You’re in Paradise. Take the Advil.

Just yesterday, someone was telling me about a trip she’d taken with her elderly mother. It sounded like a fantastic trip, the kind you take once in a lifetime — and given her mother’s age, that’s likely to be the case. And I think she had a good time, but every so often she’d talk about how her mother made it difficult to enjoy themselves on the trip by being, in general, a difficult person.

In addition to the other she-created-these difficulties, the mother has difficulty walking due to joint inflammation. Her doctor has apparently told her she can take Advil for this, and when she takes it, it helps. But on the trip, she refused to take the Advil, and this meant they couldn’t walk around everywhere they’d have liked to go, and they couldn’t move quickly, and they couldn’t take a bus because it was too high for her to step up onto the bus.

In the middle of telling us this, the daughter exclaimed, as if at her mother, “You’re in Paradise! Take the Advil!”

That keeps coming back to me today, and I began to wonder: are we really in Paradise? And when aren’t we taking our Advil?

Because it’s stubbornness on the part of this woman’s mother. Having met the mother, I’ll say there probably isn’t what you or I would consider a “reason” not to be taking it. For example, if Advil caused her stomach cramps, we’d be sympathetic. But no, she doesn’t like to take Advil. Why? Because she doesn’t like to take it.

When we get into Heaven, is it maybe not Heaven for us so much if we refuse to accept the things God gives us? Since I assume we retain our free will even after choosing God in eternity, is it possible to shuffle around Heaven clinging to our emotional baggage from Earth?¬†How about us still here on Earth? When God gives us a Giant Clue, how often do we refuse to accept it, just from stubbornness? Or even, if we’re blunt with ourselves, how often does God give us a gift and we refuse to take it? A real gift, like the urge to let go of a grudge we’re holding, only we cling nice and tight. Why? Because we’re holding a grudge, that’s why.

Is there that same desperation in God’s voice? “You could be in Paradise! Take the graces!”

We’ve been given so much, literally everything we have. We didn’t give ourselves life, or this world, or the choice of being born into a culture where we’d get educated enough to read about Paradise and Advil. These all came to us without us meriting it, so really, we’re in a kind of Paradise. What’s our Advil?


Mom, freelance writer, novelist, angelphile, Catholic, know-it-all.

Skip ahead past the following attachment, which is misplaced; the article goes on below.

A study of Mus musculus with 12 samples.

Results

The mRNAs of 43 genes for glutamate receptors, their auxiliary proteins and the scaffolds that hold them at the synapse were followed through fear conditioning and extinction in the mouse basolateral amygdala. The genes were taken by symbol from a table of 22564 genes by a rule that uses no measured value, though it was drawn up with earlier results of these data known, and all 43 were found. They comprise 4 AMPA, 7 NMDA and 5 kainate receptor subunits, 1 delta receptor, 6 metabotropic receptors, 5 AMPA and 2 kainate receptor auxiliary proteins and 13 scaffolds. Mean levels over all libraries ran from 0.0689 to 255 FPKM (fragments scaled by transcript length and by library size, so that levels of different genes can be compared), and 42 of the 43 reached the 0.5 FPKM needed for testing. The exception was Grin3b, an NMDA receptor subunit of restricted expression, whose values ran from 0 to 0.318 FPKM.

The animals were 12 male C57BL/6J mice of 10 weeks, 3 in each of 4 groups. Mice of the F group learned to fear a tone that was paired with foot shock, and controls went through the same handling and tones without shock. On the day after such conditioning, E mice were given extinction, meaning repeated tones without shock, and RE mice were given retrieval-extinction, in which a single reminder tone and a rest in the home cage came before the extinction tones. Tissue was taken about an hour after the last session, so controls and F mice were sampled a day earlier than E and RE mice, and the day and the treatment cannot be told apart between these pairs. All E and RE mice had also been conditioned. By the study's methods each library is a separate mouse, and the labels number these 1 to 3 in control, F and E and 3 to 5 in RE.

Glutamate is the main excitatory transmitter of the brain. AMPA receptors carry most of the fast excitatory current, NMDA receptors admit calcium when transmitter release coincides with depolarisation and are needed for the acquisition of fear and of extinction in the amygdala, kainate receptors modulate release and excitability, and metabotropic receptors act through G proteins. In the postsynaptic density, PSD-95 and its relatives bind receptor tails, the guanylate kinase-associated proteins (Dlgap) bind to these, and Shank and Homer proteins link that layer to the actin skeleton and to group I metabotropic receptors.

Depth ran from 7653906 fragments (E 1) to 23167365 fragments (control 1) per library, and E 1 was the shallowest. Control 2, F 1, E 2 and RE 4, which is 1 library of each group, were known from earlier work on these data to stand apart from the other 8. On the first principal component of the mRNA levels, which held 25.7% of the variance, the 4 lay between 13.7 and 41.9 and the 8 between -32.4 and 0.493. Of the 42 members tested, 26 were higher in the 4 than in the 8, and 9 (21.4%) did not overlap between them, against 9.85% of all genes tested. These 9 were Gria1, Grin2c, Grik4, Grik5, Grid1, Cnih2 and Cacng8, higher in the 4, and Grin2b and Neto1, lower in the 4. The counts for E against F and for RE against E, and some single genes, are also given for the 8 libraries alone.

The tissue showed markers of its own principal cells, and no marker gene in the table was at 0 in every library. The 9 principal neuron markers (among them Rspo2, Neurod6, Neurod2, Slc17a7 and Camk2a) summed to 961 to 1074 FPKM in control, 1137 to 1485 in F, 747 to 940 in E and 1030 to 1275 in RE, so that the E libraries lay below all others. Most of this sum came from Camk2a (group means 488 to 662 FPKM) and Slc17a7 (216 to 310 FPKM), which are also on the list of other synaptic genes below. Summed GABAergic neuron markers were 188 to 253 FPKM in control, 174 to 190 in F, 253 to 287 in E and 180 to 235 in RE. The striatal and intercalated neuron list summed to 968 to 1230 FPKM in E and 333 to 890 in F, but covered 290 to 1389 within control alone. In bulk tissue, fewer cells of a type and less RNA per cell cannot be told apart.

1. Ken Rolph says:

    This is often underpinned by our background. People can come to expect the worst and get used to facing up to it. They actually have no strategy for dealing with anything else. This can lead to conversations like the following.

    “Look at that blue sky. It’s a lovely day, isn’t it.”

    “Not for people who have cancer.”

    Now, neither of us talking has cancer. No one in our immediate families has cancer. In fact I can’t think of anyone known to both of us who has anything more than a few sunspots (all Australians have to deal with minor skin cancers). I can’t imagine where that comment came from. It’s as if, when a good situation is developing, you have to jump in first and spoil it. Because it’s going to end up badly anyway.

    Personally I’m having the best time of my life currently. There have been difficult times and situations before. But they pass. I return to happiness as my default position. Some people return to unhappiness as their default position. I don’t know what you can do about this. But, as you say, it does make you want to put their head on the anvil and hammer some sense into them.

    • philangelus says:

      Oh, WOW. Okay, that’s beyond Eeyore territory.

      I wonder sometimes if people feel like they’re being extra virtuous when they suffer things they could have avoided. Don’t get me wrong — as a Catholic, I totally get onboard with the idea of offering up our pain, but there’s enough pain in life that we don’t need to seek it out. I dislike taking Advil myself. I’d rather just avoid medications when possible, but I also know that if I make that decision, I shouldn’t let it affect anyone else. If I need to drive and I have a nasty headache and it’s making me snappy with the kids, I’ll take the Advil. It’s not their problem that I don’t like taking Advil and it’s not their problem (and shouldnt’ be their problem) that I have a headache.

      Deliberately looking for the dark cloud inside every silver lining, though, I think you’re right. Some people dont’ feel comfortable when they’re happy, as if being down all the time protects them against the world yanking the rug out from under them.

  2. Karen Clayton says:

    I love God. I even write about Him. My middle grade urban fantasy, Mason Davis and the Rise of the Storm Makers, is about nephilims and their relationship with God. Unfortunately, I tend to be a bit stubborn myself or maybe just scared. God has given me some really great opportunities and I’ve either been too slow to respond or just plain scared. The result – lost opportunities. Still, I try my best to follow Him and hope that He will bless my life. I’ll keep popping my motrin (my drug of choice) and try to realize that I too am in Paradise. Maybe one of these days, I’ll finally take that leap of faith.